The Roots of Implicit Bias

Daniel A. Yudkin and Jay Van Bavel describe the experiments they ran and the conclusions they reached about implicit bias.

“But implicit bias is not about bigotry per se. As new research from our laboratory suggests, implicit bias is grounded in a basic human tendency to divide the social world into groups. In other words, what may appear as an example of tacit racism may actually be a manifestation of a broader propensity to think in terms of “us versus them” — a prejudice that can apply, say, to fans of a different sports team. This doesn’t make the effects of implicit bias any less worrisome, but it does mean people should be less defensive about it.

Furthermore, our research gives cause for optimism: Implicit bias can be overcome with rational deliberation.”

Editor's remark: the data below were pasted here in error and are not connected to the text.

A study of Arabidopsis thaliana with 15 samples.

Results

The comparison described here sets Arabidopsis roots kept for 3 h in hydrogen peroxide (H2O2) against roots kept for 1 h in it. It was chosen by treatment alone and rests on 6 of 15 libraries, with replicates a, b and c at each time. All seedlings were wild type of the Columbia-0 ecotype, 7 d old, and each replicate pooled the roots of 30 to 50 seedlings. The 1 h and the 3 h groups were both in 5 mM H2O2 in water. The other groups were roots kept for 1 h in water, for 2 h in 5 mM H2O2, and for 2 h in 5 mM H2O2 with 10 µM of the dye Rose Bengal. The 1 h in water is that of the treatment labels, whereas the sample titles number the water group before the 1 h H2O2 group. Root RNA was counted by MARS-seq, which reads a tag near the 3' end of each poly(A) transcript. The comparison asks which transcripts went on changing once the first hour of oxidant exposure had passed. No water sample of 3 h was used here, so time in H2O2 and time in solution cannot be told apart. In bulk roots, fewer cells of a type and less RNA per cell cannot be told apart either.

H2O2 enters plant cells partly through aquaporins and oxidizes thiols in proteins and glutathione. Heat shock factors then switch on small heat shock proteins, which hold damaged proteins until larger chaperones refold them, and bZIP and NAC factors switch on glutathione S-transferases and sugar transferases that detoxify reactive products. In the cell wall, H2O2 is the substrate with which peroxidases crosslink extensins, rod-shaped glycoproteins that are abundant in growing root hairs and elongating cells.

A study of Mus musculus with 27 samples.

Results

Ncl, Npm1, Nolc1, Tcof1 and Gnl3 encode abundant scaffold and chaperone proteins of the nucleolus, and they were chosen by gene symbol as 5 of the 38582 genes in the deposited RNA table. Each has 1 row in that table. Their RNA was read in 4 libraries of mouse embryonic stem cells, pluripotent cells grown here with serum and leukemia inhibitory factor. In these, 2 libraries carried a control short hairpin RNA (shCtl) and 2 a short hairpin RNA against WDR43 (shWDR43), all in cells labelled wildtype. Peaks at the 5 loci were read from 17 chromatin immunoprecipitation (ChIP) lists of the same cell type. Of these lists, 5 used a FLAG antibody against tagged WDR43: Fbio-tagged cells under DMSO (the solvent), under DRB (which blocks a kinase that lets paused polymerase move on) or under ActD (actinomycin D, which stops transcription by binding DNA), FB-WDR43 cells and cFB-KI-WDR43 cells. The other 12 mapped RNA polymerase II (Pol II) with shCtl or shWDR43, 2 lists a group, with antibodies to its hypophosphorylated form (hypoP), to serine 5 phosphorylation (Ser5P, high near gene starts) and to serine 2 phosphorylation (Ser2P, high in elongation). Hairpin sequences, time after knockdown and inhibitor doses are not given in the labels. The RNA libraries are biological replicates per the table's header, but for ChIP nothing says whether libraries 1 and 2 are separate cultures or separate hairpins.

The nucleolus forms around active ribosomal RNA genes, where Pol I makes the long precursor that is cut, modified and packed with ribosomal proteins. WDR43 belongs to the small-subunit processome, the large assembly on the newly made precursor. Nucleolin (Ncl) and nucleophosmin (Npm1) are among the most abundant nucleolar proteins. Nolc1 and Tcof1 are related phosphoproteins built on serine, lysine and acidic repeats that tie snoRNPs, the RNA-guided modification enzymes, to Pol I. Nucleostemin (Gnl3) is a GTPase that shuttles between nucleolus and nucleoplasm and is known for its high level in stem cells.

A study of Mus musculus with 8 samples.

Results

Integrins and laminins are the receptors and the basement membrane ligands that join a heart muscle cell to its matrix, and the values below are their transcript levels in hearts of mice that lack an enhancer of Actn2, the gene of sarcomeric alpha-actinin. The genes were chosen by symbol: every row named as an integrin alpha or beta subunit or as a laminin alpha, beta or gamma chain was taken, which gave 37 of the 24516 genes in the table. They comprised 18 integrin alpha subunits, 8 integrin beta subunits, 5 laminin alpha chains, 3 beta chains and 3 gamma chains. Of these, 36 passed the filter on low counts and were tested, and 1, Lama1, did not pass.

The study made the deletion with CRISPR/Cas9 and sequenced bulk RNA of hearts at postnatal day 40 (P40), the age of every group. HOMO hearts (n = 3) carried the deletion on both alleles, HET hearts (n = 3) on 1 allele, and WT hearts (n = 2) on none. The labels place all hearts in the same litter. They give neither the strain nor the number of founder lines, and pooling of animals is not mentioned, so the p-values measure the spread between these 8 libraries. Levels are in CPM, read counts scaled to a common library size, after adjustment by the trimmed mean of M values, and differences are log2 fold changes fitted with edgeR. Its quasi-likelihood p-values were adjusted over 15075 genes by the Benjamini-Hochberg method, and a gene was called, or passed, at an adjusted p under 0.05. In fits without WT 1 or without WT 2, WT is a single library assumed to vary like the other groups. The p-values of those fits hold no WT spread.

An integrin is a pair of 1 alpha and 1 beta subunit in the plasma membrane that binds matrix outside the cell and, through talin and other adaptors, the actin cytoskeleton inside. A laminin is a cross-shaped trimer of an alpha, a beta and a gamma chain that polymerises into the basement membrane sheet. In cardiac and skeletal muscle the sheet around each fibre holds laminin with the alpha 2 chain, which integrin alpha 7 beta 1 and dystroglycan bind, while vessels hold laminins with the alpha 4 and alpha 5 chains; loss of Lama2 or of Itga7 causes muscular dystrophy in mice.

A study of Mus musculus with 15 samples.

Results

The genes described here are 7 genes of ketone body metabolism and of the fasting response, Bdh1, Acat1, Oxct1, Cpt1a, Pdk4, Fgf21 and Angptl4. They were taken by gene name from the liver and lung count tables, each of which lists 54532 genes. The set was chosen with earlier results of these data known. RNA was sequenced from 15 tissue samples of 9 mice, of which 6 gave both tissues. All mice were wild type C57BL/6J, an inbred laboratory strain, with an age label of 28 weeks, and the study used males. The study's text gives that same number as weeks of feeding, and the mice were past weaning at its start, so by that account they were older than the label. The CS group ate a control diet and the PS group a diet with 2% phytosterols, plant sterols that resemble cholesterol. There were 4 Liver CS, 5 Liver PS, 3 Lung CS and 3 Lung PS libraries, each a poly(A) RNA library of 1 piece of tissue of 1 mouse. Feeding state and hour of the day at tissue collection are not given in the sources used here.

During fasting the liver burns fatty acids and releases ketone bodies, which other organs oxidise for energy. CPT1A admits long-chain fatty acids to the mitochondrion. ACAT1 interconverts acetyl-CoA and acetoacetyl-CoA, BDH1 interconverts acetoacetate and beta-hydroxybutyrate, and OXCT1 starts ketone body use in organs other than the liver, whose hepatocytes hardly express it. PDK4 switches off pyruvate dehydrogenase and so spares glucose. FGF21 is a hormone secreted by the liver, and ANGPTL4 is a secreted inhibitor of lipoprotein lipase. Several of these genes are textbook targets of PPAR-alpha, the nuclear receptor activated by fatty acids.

1. I found Daniel’s analogy interesting and thought provoking because he used a similar theory that Thomas Sowell explained as the fallacy of composition – where when something serves one part, therefore, can serve the whole. The point is that people differ and in our personal battle to judge, define, and identify good from bad or right from wrong we make decisions based on fear. Dr. Villoldo used an acronym for fear – False Evidence Appearing as Real. In our human effort to choose, we decide that differences are threatening to our self-being in some way and work hard against our perceptions of the threat. Sports teams represent an excellent example upon how individuals invest energy into defending, talking about each player, reviewing stats, wearing the team’s gear, and cheering in front of our televisions season after season for our team and against another team. Why? What is the real motivation? What are we gaining from this activity that fuels our sense of being who you are? How does the feeling of belonging, celebrating with others give us a stronger sense of self-value? I encourage you to reread the article to self-reflect upon whether your heart thoughts meet your lived actions.